A Quick Look at the Self-Installing HP LaserJet P1606dnBy
When we covered the launch of HP's self-installing printers back in April, some of you praised the concept while others questioned it – and rightfully so, "plug and print" is a bold claim. Intrigued, we thought it would be cool to check one out, if only for the novelty factor. It's not a huge hassle to pop in a software disc, but if it can be done automatically, why the heck not, right? On the side this should also avoid the 'bloat' factor omnipresent in today's default installers.
After plugging the HP P1606dn into my Windows 7 Home Premium desktop, I was instantly greeted with Windows' "your device is ready to use" notification – a half-truth. When I attempted to print a test page from Word, I realized the P1606dn wasn't listed. The printer didn't install. That prompt from Windows was informing me that installation media was mounted and accessible under Computer.
As it turns out, the magic requires autoplay, which is something I generally disable (and I assume I'm not alone there). Without delving into the boring details, I simply couldn't get autoplay to function properly on my primary system (at no fault of the printer). While the installer wouldn't launch on its own, it was listed under Computer and I could have executed it at any point. This alone is a nice touch.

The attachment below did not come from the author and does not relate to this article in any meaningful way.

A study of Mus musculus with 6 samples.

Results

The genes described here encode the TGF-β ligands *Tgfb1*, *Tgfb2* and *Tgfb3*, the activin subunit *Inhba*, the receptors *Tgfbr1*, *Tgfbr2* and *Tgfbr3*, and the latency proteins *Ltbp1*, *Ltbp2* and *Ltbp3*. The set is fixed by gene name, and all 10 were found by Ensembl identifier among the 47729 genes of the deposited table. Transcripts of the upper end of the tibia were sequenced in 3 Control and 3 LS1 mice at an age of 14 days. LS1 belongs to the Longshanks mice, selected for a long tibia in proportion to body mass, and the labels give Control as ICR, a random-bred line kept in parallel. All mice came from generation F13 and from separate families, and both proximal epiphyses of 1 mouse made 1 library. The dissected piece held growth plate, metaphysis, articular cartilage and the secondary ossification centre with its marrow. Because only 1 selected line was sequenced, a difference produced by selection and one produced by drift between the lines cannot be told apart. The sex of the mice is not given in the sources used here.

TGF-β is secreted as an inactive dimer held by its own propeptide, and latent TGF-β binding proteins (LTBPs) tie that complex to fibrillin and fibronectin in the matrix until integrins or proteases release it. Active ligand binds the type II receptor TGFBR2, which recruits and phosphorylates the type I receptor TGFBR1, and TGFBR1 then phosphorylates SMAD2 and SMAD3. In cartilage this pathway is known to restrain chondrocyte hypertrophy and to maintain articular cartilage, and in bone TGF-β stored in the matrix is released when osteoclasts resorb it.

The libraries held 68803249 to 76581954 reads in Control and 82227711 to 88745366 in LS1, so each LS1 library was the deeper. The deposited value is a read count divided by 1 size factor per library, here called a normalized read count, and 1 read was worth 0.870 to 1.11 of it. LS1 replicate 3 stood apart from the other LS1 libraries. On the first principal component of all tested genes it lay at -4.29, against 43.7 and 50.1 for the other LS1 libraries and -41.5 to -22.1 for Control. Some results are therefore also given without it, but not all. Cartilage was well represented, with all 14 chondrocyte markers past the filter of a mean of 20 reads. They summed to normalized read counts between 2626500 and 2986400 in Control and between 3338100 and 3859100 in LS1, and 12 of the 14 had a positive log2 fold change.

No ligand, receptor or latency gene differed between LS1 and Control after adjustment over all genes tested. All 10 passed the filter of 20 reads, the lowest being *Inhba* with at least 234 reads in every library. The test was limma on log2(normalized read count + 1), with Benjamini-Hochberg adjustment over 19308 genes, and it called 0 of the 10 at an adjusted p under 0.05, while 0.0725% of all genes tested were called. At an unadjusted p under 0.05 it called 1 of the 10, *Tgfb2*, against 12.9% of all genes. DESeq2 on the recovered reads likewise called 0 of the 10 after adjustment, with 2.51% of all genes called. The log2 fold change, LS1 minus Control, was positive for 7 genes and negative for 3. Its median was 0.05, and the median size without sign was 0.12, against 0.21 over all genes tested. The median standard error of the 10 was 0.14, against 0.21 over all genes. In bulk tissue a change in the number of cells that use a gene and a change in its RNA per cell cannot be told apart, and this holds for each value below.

To give the P1606dn a fair shot, I tried attaching it to two other Windows 7 systems. Both times autoplay ran as intended and the installer finished with only a couple prompts. HP simplified the process by making "I accept" the default license agreement option so you can just click "Install." After that, there's a prompt asking if you want to install via USB or network, and then you're good to go.
According to the HP's official product page, this model is also compatible with OS X and Linux, but it wasn't clear whether Smart Install would function properly or at all. The included booklet says the driver CD is required for Macs. For kicks, I tried it on Snow Leopard and Ubuntu 10.4 but neither prompted me for installation and as expected, I didn't see a setup mounted like on Windows.
Although "plug and print" is a tad exaggerated, the P1606dn is still the easiest printer I've ever set up. You literally have to click three or four prompts after connecting the printer to complete a standard installation.